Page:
Dog Vaccine Primer 11/ Does My Dog Need a Leptospirosis Vaccination?
This summer, the Los Angeles Public Health Department reported a significant increase in cases of canine leptospirosis (lepto) in the western regions of Los Angeles County. Because leptospirosis is potentially contagious to people, public health officials monitor such outbreaks. But was the outbreak significant enough and widespread enough to be concerned about having your dog vaccinated for leptospirosis? The answer is maybe yes or maybe no. We hope the contents of this blog help you with the decision to vaccinate or not.
What is leptospirosis, how do dogs catch it, and how is it treated?
Leptospirosis (lepto) is a bacteria that is carried by dogs, mice, rats, raccoons, opossums, and other small wildlife that are common in our area. Dogs are infected by drinking water that has been contaminated by the urine of the wildlife. Outside water bowls, fountains, ponds, areas of shallow standing water like marshes and small lakes can also be contaminated. The lepto found in LA is a type that is passed from dog to dog by urine or saliva ingestion from an infected dog or water contaminated by the urine or saliva of an infected dog. After ingestion, the bacteria finds its way to the kidneys and/or liver and causes kidney or liver failure (5-14 days). Early symptoms are lethargy, fever, decreased appetite. As the condition begins to cause kidney or liver dysfunction dogs drink excessively, vomit, have diarrhea, and become extremely dehydrated and weak. This is when owners typically seek veterinary care and hospitalization.
When dogs are hospitalized, lab work indicates kidney and sometimes liver dysfunction. Veterinarians suspicious of lepto will run specific urine and lab tests to confirm the infection. Once the diagnosis is made, treatment with common antibiotics readily rid the kidneys of the bacteria and allows the dog to recover uneventfully. Dogs diagnosed very late with the disease may experience permanent kidney damage or liver damage.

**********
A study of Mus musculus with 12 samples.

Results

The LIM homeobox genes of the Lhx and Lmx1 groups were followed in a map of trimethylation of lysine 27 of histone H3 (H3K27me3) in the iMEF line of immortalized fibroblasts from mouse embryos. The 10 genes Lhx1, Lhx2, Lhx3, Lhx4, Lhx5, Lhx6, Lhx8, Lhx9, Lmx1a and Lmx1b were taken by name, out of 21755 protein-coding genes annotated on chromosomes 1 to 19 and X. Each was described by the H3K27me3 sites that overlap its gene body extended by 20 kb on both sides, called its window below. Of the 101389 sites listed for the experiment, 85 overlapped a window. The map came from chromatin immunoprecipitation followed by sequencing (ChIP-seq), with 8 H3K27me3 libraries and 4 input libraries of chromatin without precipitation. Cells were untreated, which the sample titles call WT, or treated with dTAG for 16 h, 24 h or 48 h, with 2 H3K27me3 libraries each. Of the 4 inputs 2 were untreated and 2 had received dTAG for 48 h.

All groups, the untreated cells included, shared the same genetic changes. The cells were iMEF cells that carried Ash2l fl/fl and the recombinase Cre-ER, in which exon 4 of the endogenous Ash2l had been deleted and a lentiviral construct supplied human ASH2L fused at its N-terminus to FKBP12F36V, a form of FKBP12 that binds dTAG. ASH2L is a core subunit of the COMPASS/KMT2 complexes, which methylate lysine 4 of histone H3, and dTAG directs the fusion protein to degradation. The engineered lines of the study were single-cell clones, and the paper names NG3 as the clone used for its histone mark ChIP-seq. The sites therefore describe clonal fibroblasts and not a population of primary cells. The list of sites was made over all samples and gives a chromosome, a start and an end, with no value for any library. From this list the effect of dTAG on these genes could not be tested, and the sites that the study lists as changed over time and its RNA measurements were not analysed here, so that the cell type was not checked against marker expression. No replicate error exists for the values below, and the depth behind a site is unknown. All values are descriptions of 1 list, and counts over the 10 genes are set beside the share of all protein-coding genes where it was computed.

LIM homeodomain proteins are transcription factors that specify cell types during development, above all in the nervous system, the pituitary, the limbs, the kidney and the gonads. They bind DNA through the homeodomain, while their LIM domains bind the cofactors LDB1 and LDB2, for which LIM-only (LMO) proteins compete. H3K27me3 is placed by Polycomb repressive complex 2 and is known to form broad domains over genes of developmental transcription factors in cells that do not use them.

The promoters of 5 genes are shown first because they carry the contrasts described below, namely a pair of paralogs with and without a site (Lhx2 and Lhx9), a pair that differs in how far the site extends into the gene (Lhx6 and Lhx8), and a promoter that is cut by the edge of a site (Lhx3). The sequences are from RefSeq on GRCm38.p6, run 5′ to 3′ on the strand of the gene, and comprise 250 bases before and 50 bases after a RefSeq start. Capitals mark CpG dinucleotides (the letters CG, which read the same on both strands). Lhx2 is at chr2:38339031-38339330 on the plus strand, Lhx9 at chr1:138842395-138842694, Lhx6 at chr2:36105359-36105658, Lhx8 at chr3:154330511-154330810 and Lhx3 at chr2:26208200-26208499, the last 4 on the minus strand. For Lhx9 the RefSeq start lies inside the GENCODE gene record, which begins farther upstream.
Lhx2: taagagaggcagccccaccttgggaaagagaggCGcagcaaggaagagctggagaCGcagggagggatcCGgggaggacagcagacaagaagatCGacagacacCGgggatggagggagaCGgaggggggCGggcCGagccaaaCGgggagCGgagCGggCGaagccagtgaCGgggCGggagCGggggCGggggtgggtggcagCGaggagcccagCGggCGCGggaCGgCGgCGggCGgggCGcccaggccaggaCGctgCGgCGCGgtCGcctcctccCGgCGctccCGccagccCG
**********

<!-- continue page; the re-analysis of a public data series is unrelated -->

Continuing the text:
Recent Outbreak Data
As of July, there have been 120 reported cases of Leptospirosis in the west LA area. 103 (86%) were confirmed as lepto infections and 17 (14%) were presumed. 100 (83%) of cases had associations with recent boarding or daycare facility or dog park exposure. Most lepto in the LA basin prior to this outbreak is caused by wildlife contaminated water. The cause and reason for this recent outbreak is unclear as 88% of the cases were associated with facilities where dog-to-dog contact is the only source of infection.
For years, veterinarians have stopped vaccinating for leptospirosis because vaccine reactions were extremely common. The low risk of disease just didn’t justify the risk of post-vaccination adverse reactions. Worse, to be fully effective, lepto vaccines need to be given every six months!
If owners avoid boarding/daycare facilities and dog parks, seek mobile grooming options and do not leave water bowls outdoors, and prevent wildlife access to fountains and ponds, we feel the risk of disease is low.
Because leptospirosis vaccine is not available mercury-free, needs twice-yearly injections, and has a reputation for vaccination reactions, we are presently not offering the vaccines. If you want to continue using boarding/daycare facilities, grooming facilities, and dog parks and wish to have your dog protected, you may wish to seek the vaccine from alternative sources (another veterinarian, vaccination clinics, etc.).
As always, when doing any sort of medical intervention, it is a matter of weighing your risks. I hope this article has helped you understand the issues to consider.